Fernbank, Inc., which is familiarly known as Fernbank Museum of Natural History, was founded in 1939 to preserve and protect Fernbank Forest, making it one of the oldest environmental conservation not-for-profit in the United States. The conservation of Fernbank Forest remains a vital part of Fernbank Museum’s mission today.
“Fernbank Forest is one of the most diverse and pristine woodlands inside the Perimeter. We are lucky to have this local gem so close to the center of the city. Trees Atlanta is excited to partner with Fernbank Museum of Natural History to restore areas of the forest by removing invasive plants like thorny olive and leather leaf mahonia which will allow native plants to grow once again. This work will enable the community to learn from this model forest for generations to come.”
—Greg Levine, Co-Executive Director & Chief Program Officer, Trees Atlanta
The U.S. Forest Service notes that forests are vital parts of the water, nutrient and carbon cycles that support life on the planet. Trees clean the air, moderate temperature, buffer noise, provide wildlife habitat, protect the soil from erosion, regulate water storage and affect water quality. Although Fernbank Forest is one of the largest assemblages of such land in the Piedmont region of the United States, it is a small remnant of the type of majestic forests that originally covered this area.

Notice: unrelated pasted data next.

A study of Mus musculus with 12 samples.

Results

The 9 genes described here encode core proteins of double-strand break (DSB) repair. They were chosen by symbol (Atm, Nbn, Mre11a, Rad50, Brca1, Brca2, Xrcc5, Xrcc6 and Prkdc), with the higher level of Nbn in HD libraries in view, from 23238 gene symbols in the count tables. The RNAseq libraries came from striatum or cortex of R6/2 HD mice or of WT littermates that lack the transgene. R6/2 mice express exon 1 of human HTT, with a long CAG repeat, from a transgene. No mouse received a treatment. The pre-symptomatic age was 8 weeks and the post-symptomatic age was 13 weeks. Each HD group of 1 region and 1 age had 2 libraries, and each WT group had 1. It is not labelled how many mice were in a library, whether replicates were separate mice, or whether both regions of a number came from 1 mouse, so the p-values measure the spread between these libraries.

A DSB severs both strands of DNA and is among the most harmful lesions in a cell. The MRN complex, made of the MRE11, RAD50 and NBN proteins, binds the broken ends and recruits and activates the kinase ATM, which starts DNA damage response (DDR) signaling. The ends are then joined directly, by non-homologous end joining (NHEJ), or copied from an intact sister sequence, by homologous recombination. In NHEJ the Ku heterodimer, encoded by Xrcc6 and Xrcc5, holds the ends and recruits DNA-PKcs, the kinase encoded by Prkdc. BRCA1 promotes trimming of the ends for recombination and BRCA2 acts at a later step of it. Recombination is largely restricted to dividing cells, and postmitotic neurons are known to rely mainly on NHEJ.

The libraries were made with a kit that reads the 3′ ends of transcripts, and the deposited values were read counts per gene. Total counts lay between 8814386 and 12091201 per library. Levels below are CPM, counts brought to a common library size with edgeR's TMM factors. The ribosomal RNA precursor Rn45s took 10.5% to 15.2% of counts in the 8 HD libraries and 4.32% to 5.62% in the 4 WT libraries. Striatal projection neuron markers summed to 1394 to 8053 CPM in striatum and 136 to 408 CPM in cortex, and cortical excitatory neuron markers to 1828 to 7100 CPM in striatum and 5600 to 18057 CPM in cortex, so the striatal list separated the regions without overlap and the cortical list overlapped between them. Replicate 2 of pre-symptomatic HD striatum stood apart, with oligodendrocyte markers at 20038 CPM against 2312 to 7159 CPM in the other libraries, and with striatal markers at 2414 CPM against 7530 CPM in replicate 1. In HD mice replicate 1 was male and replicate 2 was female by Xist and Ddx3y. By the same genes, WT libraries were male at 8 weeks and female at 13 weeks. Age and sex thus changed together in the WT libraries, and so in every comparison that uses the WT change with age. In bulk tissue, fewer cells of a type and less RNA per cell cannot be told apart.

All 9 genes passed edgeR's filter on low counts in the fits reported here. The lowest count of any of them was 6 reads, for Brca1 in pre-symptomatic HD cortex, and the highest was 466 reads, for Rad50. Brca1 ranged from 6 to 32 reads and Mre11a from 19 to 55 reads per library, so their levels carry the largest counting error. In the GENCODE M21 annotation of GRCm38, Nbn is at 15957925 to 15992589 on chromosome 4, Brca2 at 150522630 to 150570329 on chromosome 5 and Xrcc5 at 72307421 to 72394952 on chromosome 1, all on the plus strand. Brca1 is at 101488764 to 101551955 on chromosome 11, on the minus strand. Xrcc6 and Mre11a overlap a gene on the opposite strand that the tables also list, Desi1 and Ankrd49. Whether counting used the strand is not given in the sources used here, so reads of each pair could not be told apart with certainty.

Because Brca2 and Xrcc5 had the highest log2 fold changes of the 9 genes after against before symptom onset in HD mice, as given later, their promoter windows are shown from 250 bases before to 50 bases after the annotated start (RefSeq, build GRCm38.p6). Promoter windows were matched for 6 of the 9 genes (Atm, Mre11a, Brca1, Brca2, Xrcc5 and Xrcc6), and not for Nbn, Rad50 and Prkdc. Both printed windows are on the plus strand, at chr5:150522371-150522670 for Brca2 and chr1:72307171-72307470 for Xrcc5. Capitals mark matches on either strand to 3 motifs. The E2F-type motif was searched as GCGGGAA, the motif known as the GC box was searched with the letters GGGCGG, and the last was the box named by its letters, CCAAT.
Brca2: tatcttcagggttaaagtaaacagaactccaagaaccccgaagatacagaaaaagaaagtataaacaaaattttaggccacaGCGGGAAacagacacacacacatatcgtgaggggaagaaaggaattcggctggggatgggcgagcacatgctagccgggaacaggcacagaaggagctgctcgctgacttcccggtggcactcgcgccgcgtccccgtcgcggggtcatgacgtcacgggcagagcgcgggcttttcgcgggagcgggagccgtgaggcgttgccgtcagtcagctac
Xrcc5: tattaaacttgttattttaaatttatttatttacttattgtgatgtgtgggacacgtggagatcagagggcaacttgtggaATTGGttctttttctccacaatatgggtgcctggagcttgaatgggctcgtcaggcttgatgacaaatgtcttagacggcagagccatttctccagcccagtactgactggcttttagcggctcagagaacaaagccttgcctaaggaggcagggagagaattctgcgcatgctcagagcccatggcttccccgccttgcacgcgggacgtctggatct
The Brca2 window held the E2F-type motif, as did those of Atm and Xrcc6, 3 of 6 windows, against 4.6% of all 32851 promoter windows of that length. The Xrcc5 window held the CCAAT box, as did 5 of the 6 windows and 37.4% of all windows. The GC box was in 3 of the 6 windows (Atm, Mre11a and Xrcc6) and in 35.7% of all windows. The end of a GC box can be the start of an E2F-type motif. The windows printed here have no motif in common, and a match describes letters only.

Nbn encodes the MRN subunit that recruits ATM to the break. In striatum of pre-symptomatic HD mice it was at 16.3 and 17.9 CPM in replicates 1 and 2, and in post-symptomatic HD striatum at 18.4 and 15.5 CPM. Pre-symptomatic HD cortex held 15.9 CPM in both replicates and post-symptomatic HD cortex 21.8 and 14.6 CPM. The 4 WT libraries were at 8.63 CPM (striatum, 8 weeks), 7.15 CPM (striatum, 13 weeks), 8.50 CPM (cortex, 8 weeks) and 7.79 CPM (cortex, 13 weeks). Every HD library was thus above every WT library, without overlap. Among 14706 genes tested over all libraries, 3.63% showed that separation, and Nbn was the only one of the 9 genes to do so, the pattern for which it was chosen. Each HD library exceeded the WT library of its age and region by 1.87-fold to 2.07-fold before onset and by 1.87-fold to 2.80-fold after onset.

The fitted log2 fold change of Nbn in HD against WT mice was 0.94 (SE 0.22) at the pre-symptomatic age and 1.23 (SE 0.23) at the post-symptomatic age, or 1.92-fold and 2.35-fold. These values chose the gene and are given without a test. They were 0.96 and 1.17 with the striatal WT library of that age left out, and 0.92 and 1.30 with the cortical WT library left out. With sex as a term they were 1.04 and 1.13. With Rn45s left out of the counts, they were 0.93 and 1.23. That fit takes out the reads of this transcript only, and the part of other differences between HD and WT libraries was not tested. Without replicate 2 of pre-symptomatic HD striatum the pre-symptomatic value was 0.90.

Fernbank Forest is much more than what you see above the surface. With some trees up to 300 years old, some ultimately fall and remain on the forest floor, creating opportunities for other organisms to thrive. Beneath the surface lies the foundation for the forest. The soil geology and microorganisms are essential to the continued survival of the ecosystem and are some of the oldest elements of the forest.
Not only does Fernbank Forest contain some of the most common species of the Piedmont region, it also is home to rare and threatened species that help support the high biodiversity and adaptive ability of the ecosystem.
Fernbank Museum resumed management of Fernbank Forest in the summer of 2012 after the maturation of a 48-year lease to DeKalb County. Like many urban forests, Fernbank Forest has been burdened with nearly 50 non-native, invasive species, including English ivy, Chinese privet and more. The Museum has set in motion several ambitious goals to restore the ecological balance of this incredible forest.
The restoration of Fernbank Forest is a forever, ongoing project that also includes educational programming and research within the forest. Fernbank Museum’s comprehensive restoration program includes the completion of several important benchmarks:
Fernbank Museum offers the following opportunities to explore the forest:
There are several ways to enjoy free access the forest.